London: Middle aged people who abused alcohol or abstain from it may be at a higher risk of developing dementia, according to a study.
However, the researchers warned that the results do not encourage people who do not drink to start drinking.
"The findings strengthen the evidence that excessive alcohol consumption is a risk factor for dementia" and "encourage use of lower thresholds of alcohol consumption in guidelines to promote cognitive health at older ages", said the researchers including Severine Sabia from the French National Institute of Health and Medical Research (INSERM) in Paris.
"The study should not motivate people who do not drink to start drinking given the known detrimental effects of alcohol consumption for mortality, neuropsychiatric disorders, cirrhosis of the liver, and cancer," they added.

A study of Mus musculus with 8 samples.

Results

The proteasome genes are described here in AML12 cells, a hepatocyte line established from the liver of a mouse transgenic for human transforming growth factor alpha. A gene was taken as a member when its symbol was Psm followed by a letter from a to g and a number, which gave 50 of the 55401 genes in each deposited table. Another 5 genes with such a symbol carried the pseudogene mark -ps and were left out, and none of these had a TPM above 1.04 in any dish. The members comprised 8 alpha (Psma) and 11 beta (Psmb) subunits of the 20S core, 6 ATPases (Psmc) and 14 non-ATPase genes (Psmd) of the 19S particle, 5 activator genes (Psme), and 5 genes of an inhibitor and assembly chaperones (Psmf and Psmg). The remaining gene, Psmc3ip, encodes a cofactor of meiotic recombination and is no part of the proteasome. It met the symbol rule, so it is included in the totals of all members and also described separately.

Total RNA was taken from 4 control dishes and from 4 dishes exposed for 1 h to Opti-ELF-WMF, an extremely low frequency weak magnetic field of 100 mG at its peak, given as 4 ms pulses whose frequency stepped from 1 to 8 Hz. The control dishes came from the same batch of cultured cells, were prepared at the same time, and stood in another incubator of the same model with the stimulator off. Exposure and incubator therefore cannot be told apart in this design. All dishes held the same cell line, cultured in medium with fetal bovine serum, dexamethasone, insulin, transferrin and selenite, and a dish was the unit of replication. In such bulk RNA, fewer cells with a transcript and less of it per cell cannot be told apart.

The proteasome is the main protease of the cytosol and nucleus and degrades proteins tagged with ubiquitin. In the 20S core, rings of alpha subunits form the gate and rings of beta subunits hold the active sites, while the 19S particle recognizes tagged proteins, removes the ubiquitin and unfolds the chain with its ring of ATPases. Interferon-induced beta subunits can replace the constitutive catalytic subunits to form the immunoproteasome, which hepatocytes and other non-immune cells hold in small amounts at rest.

As people live longer, the number living with dementia is expected to triple by 2050. So understanding the impact of alcohol consumption on ageing outcomes is important.
For the study, published in the journal THE BMJ, the team analysed data from 9,087 participants aged between 35 and 55 years. They were assessed at regular intervals between 1985 and 1993 on their alcohol consumption and alcohol dependence.
The analysis showed that out of the 9,087 participants, 397 cases of dementia were recorded over an average follow-up period of 23 years.
The team found that abstinence in midlife or drinking more than 14 units a week was associated with a higher risk of dementia compared with drinking one to 14 units of alcohol a week.
Among those drinking above 14 units a week of alcohol, every seven unit a week increase in consumption was associated with 17 per cent increase in dementia risk.
The authors acknowledged that this is an observational study, so no firm conclusions can be drawn about cause and effect, and the researchers cannot rule out the possibility that some of the risk may be due to unmeasured factors.